About Malaga Roman Theatre
Malaga Roman Theatre (Teatro Romano de Málaga) is a picturesque surviving vestige of ancient Malaga. Constructed in the first century AD, during Augustus’ reign, this picturesque theatre rose approximately 16 metres in high and spanned 31 metres in diameter. Hidden until 1951, today Malaga Roman Theatre is open to the public with an interpretative centre on site.
Malaga Roman Theatre history
Built during the reign of the Emperor Augustus in the 1st century AD, the theatre was continually in use until the 3rd century. The theatre was constructed with stone and built, unusually for the Romans, into the hillside as was the Greek style. The Romans took the town known as Malaca after the Punic Wars and transformed it into a confederated city under the Lex Flavia Malacitana. The establishment of the Roman settlement was characterised by building features of other Roman towns, including the theatre.
The Roman theatre was discovered in 1951, hidden underneath the Casa de la Cultura building which had been built between 1940 and 1942 and renovated in the 1960s. During these works, the first signs of the theatre were revealed. The Casa de la Culture was therefore demolished to allow for a full survey and excavation of the theatre remains, becoming a part of the cultural programmes of 1992.
Excavations first uncovered the proescenium (stage) and remnants of the orchestra, a seating place reserved for senators and those of highest standing. The stands had a 31-metre radius and rose to a height of 16 metres. The theatre consisted of 13 semi-circular raised rows of seats (the cavea) and entry or exit passageways (known as vomitorium).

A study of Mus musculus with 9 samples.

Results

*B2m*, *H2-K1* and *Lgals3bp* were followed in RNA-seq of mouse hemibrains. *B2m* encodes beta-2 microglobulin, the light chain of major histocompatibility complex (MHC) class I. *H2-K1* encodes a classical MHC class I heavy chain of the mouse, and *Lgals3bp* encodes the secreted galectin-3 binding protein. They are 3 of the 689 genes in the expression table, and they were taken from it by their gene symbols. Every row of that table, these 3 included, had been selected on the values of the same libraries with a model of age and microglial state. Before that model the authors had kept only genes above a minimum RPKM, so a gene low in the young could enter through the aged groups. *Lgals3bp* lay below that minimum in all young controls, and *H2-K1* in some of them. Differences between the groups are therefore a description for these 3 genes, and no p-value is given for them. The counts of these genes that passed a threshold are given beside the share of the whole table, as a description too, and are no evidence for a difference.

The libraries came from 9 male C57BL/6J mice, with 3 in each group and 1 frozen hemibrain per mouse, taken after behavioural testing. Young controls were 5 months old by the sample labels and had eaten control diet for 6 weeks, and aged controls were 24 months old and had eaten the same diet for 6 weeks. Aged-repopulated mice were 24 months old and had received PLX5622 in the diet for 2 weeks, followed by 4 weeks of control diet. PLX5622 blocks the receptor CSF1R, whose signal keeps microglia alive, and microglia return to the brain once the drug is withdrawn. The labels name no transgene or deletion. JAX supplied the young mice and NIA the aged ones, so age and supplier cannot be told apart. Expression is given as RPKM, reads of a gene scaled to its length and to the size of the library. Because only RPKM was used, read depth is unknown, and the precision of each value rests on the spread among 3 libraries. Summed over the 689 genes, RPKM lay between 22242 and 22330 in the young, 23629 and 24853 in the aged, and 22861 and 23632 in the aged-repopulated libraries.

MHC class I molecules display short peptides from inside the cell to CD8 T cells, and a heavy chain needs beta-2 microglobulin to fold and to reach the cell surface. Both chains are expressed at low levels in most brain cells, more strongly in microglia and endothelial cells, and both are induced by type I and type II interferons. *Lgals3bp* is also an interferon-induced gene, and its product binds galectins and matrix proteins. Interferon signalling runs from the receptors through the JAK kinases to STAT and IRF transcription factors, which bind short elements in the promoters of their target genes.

Between 756 and 780 AD, after the Moors had settled in Andalucía, the theatre was used as a quarry to excavated stone for the Alcabaza Fortress. During the 20th century, the Malaga Roman Theatre was fortunate to survive the bombing during the Spanish Civil War.
Malaga Roman Theatre today
Today, the theatre is open to the public to visit all year round. In the summer, the venue is used in its original function as a space for open-air performances, able to seat 220 spectators. There is also a Centro de Interpretació adjacent to the theatre – since opening in October 2011 it has been free of charge.
The interpretation centre itself is a lovely building: long and rectangular made of steel, glass and wood. On the outside of the interpretation centre, note the excavated original fragments from the Lex Flavia Malacitana – the municipal code of law which granted free-born people the privileges of Roman citizenship.
Getting to Malaga Roman Theatre
For those driving, the theatre is just off the N-340 there is 24 hour parking at Aparcamiento Alcabaza across the road or at Parking Central off the main road. If using public transport there are multiple bus stops at the site: Paeo del Parque, a minutes walk away, is on bus routes 1, 4, 14, 19, 25, 36 and 37 or Paseo del parque serves routes 21, 38, N4.